This summer, I visited Manhattan for the second time — what will be a lifelong love — and ticked off a few more Must-Do NY activities. Headed to New York? Check this out:
In This New York Travel Article You Will Discover:
- An Iconic Sandwich Shop
- The Best Elevated Walks
- Museum Pros & Cons
- Central Park Tips
Chow Down at Katz’s Deli
“I’ll have what she’s having.” If you don’t know the film this famous line is from, feel free to skip this section. There are a lot of places to get an amazing, gut-busting, one-pound pastrami sandwich in Manhattan — but there is only one Katz’s. (Answer: it’s When Harry Met Sally.) Line-ups? You bet. Pricey? About $20 for a sandwich — so, yeah, kinda. Infuriatingly disorganized ordering process? You have no idea. But this East Village staple offers a classic New York experience not to be missed. When we visited, we even got the best seat in the house (see photo). You can’t put a price tag on that. Oh wait, yes you can — $80.
Walk Across the Brooklyn Bridge
My wife was working-the-day-away this time in NY, so I rode the subway to Fulton Street, near Manhattan’s South Street Seaport, to begin a solo stroll over the iconic Brooklyn Bridge. (First, I made sure I had on my retro Ray Bays and Goorin Bros. hat, for hipster cred.) Most people walk Brooklyn-Manhattan, so I was going against the flow. I can see why this is so — you’ll enjoy better NYC skyline views that way. The path is crowded. Cyclists lose their minds if you wander even an inch into their lane. But, once again, it’s quintessential New York at its finest, one of America’s great architectural sites and the best place for a selfie in the city.
Stroll the High Line
Located in my favourite part of NY— the West Side — the High Line is 1.5-mile-long park built on a revitalized, elevated rail line. Running northward from Meat Packing District, it’s a lovely, surprisingly quiet juxtaposition to the concrete jungle below. Green spaces, lounging benches, public art, water features to cool your heels in and a marketplace with craft beer, street food and artisan goods conspire to make it my favourite outdoor-destination in the city. There is even a neat viewing area to watch the hustle-bustle of the street below. Admission is free. Find out more about this project at thehighline.org.
Get Lost in the American Museum of Natural History
I have mixed feelings about the American Museum of Natural History. The good? It’s worth the admission just to experience to sprawling madness of it all — a staffer told me it would take three days to stop at every exhibition. Certain collections are incredible: the Fossil Halls and Rose Center for Earth and Space were two standouts. And there’s the fact that everything seems like it might actually come alive when the doors close, a la Night at the Museum. The less-than-so? It gets stupidly crowded. Some of the displays are a bit archaic. Many exhibitions are little more than dioramas or taxidermy displayed behind glass windows. (In the Hall of African Mammals, I found the historical nature of the exhibit itself more impressive than the stuffed lions within.) But I enjoyed my four hours in the museum (I really hoofed it) and recommend it to you — just go on a shoulder-season weekday. Trust me.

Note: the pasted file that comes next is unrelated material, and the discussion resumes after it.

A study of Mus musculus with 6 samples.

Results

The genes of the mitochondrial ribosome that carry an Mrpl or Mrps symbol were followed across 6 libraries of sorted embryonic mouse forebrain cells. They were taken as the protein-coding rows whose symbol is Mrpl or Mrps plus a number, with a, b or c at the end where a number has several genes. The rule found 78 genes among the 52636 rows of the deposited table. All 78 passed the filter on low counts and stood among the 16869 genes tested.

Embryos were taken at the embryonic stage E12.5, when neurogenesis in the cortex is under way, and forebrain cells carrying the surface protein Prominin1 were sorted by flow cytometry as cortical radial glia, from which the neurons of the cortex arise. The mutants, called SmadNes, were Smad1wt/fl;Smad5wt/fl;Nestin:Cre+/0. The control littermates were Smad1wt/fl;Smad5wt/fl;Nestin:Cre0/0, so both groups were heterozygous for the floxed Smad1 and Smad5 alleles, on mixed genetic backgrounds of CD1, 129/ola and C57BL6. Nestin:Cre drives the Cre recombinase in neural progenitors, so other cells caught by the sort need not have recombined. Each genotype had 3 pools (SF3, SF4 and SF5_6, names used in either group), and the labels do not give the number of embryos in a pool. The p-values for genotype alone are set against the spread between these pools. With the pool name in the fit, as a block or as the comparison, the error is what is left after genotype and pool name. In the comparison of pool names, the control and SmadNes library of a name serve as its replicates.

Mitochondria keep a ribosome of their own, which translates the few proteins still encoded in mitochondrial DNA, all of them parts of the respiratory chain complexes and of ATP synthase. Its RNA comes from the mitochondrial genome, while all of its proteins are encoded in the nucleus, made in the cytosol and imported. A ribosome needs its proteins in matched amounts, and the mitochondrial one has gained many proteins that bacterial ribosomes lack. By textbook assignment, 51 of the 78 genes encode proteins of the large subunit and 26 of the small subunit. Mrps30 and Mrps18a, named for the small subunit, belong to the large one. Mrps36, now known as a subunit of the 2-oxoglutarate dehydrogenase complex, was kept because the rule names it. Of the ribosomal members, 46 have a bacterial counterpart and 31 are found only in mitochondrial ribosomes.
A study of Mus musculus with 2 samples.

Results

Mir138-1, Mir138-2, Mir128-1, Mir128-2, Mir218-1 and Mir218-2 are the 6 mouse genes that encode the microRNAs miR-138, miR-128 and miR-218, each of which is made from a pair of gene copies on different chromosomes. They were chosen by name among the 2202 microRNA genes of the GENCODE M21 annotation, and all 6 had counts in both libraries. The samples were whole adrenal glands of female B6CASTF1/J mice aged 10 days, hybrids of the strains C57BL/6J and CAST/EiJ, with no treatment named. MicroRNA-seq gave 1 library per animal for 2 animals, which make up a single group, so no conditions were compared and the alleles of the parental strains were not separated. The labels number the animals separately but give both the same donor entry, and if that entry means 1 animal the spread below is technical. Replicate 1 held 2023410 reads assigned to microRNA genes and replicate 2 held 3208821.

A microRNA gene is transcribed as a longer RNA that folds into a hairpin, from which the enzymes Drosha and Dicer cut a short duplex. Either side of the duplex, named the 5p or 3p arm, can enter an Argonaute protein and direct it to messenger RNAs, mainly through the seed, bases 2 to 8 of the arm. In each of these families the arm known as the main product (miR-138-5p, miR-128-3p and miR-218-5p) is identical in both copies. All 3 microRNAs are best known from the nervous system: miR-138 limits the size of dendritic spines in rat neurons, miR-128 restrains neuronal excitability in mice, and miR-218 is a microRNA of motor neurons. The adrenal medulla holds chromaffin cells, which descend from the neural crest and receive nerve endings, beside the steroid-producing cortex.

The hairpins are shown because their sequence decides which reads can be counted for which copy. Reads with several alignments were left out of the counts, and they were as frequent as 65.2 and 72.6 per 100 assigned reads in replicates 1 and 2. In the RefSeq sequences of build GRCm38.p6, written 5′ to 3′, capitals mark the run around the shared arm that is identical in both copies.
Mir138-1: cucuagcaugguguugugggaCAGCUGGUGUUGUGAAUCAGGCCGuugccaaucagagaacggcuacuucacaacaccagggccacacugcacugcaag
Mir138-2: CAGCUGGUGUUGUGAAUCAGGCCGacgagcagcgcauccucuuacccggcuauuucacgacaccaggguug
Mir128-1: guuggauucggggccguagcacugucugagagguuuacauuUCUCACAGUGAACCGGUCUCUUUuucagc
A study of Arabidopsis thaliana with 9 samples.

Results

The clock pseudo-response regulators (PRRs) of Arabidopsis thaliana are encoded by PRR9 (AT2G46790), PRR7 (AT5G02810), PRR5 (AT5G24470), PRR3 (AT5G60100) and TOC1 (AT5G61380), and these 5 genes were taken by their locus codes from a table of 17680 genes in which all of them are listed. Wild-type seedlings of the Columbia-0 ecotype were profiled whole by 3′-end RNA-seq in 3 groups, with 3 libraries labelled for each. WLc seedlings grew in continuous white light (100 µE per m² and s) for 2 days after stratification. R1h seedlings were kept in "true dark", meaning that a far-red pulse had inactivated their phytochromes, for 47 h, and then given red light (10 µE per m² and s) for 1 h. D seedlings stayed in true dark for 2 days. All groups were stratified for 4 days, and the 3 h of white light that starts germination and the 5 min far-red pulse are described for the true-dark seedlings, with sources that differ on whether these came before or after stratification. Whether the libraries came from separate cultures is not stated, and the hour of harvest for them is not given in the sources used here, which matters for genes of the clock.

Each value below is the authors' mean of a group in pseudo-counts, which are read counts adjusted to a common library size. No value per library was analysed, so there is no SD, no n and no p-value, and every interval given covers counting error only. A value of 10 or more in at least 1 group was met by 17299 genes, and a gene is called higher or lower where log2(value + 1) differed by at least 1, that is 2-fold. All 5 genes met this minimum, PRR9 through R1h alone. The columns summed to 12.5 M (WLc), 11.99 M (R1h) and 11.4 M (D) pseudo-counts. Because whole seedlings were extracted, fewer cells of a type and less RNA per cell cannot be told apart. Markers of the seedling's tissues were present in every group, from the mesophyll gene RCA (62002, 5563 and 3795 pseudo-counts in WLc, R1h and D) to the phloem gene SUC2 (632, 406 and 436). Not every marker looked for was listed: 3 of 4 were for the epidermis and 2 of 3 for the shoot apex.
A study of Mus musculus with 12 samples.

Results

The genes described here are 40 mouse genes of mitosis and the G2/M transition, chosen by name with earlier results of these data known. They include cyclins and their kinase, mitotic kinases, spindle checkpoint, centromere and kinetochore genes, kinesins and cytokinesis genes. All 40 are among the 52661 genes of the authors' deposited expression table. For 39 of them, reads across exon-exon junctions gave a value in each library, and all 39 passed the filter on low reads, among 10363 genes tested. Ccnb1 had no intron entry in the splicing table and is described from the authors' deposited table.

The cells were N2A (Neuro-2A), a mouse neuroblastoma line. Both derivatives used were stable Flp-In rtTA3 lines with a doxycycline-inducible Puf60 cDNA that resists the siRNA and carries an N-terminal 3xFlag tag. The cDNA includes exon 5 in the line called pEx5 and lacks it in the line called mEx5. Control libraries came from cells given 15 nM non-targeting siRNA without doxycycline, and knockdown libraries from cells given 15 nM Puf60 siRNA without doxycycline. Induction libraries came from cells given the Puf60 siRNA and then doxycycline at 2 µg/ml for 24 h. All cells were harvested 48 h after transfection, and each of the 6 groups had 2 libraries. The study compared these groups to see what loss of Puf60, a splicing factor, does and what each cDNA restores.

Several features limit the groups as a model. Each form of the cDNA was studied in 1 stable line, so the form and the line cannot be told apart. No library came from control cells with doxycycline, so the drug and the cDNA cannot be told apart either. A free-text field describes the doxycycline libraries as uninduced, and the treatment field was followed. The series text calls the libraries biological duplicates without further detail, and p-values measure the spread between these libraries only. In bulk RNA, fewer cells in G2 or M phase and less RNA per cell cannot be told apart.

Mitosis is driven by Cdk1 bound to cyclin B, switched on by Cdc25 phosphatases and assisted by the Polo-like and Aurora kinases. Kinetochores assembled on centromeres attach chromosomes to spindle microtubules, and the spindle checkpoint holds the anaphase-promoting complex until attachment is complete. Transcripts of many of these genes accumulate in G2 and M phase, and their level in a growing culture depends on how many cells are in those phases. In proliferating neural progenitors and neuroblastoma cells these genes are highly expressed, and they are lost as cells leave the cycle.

Ride a Bike Around Central Park
If you skip Central Park, you’ve made a mistake. In fact, all the touristy stuff in New York is a must-do for the first (or second) timer. But wait until day-three of your NYC vacay to experience its signature green-space — by this time, you’ll need some peace-and-quiet. Although Central Park sees 35 million annual visitors, it’s easy enough to find a serene slab of granite to read a book on, or grab an open seat near the Conservatory Water and listen to the buskers for an hour or so. I rented a bicycle this time — not from the operations in the park, the rental agencies in the surrounding blocks are one-third the price — which makes short work of finding a suitable rest spot. The park is big, but on a bike, you can circumnavigate it in about 20 minutes. And most of the interior paths are foot-only. So, it’s not a great cycling destination if you’re into long-distance, but two-wheels help to hop spot-to-spot on-demand. (Tip: if you pay more than $20 for a three-hour rental, you’ve been taken.)